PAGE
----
Patrick Murray, a Monmouth University pollster who has surveyed several presidential battleground states this year, said losing the football season could play a role in pushing Republican voters away from Mr. Trump this fall. He cited in particular the sliver of voters who had not yet made up their minds, and who were growing increasingly unwilling to accept all the disruptions caused by the failure to contain the coronavirus.
“It’s just one of those markers that reminds people of how much has been disrupted in their life,” Mr. Murray said.
Representative Anthony Gonzalez, an Ohio Republican who was a first-round N.F.L. draft pick after playing wide receiver at Ohio State, said college football players were likely to be safer from the coronavirus under the watch of their coaches than they would be at their homes away from campuses.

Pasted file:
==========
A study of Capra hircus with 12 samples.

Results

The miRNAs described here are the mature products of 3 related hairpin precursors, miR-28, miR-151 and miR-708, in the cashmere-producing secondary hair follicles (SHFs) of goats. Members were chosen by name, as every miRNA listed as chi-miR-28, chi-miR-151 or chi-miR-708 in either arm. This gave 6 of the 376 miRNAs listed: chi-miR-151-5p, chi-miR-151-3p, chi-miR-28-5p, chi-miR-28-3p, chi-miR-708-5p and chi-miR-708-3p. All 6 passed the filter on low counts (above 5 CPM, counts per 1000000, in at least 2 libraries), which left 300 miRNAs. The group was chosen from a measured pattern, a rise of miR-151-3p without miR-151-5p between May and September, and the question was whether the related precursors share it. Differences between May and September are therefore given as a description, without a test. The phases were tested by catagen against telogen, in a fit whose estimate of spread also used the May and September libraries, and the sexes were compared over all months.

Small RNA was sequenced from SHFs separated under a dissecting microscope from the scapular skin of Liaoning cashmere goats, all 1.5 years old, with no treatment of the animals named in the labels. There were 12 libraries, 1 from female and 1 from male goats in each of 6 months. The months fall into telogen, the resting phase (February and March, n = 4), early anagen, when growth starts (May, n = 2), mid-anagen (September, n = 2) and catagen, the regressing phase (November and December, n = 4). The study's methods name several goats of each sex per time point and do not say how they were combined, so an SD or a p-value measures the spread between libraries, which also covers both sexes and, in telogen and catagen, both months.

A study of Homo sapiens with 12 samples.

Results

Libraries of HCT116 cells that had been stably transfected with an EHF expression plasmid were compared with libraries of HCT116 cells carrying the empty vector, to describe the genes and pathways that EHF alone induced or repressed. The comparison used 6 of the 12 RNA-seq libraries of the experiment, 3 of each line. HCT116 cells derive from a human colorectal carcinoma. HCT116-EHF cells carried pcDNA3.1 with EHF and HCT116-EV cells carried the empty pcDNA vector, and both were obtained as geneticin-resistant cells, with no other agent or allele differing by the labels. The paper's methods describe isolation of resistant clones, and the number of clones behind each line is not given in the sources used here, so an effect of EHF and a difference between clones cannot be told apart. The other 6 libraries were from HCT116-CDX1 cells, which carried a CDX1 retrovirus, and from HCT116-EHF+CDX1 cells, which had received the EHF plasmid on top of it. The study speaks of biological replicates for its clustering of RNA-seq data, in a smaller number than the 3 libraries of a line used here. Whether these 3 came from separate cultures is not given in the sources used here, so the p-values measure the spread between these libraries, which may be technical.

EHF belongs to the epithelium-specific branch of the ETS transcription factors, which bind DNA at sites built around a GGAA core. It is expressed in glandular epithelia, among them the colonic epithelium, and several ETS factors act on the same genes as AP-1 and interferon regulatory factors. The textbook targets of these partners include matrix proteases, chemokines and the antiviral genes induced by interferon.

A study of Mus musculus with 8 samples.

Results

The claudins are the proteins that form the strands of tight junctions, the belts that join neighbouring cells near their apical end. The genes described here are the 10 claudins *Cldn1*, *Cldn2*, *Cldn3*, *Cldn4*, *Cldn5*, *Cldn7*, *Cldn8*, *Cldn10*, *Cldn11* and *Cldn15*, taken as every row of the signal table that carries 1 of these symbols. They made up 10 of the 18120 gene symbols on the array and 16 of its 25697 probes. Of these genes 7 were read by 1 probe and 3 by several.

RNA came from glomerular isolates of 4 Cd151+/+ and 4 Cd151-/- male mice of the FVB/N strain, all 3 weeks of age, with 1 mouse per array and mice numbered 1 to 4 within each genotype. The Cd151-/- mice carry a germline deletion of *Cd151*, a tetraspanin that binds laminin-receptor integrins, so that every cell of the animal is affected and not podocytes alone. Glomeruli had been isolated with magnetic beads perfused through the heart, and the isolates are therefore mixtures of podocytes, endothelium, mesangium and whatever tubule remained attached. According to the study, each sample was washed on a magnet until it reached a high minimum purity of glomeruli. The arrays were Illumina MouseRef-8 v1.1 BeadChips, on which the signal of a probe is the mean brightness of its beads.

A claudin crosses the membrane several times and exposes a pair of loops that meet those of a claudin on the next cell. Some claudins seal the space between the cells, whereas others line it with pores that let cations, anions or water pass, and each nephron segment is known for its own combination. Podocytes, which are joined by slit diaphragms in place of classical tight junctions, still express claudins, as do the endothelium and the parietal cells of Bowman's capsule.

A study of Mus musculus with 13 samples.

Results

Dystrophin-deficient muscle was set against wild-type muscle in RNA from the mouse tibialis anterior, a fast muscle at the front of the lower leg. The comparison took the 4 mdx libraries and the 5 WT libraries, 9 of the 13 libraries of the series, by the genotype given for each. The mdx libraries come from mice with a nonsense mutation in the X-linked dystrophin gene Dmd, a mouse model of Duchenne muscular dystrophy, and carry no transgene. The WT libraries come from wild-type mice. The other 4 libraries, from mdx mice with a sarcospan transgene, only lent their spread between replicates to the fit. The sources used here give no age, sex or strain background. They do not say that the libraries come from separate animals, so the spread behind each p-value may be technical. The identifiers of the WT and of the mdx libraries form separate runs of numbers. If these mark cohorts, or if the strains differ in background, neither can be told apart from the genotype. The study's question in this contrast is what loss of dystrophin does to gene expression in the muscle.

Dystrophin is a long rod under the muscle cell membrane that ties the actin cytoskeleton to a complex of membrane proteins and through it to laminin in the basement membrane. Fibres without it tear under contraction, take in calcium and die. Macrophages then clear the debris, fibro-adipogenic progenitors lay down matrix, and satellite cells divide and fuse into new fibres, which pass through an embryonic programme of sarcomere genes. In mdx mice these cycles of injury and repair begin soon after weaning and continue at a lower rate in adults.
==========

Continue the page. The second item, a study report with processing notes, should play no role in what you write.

He predicted Ohio State fans in his northern Ohio district would blame university administrators and not Mr. Trump for losing the season. By calling for the season to take place, Mr. Trump is channeling not just his political base but a vast majority of voters, Mr. Gonzalez said.
“I can say, in my district, I think overwhelmingly people would support the statements that he made, and even people who aren’t supporters of his,” Mr. Gonzalez said. “If we polled it, I think probably 75 to 80 percent of people would agree with that sentiment that they should play. I feel pretty strongly about that.”
Yet Senator Sherrod Brown, an Ohio Democrat who has two master’s degrees from Ohio State, disagreed, saying that Mr. Trump will not be able to explain to voters why he’s not responsible.
“Everything that happens in this pandemic is on his watch,” Mr. Brown said Tuesday. “The unemployment’s on his watch, the canceled seasons are on his watch. I mean, all of this is on Trump’s watch, and he has so bungled this and he could point fingers and blame some elite somebody somewhere, but it’s on him.”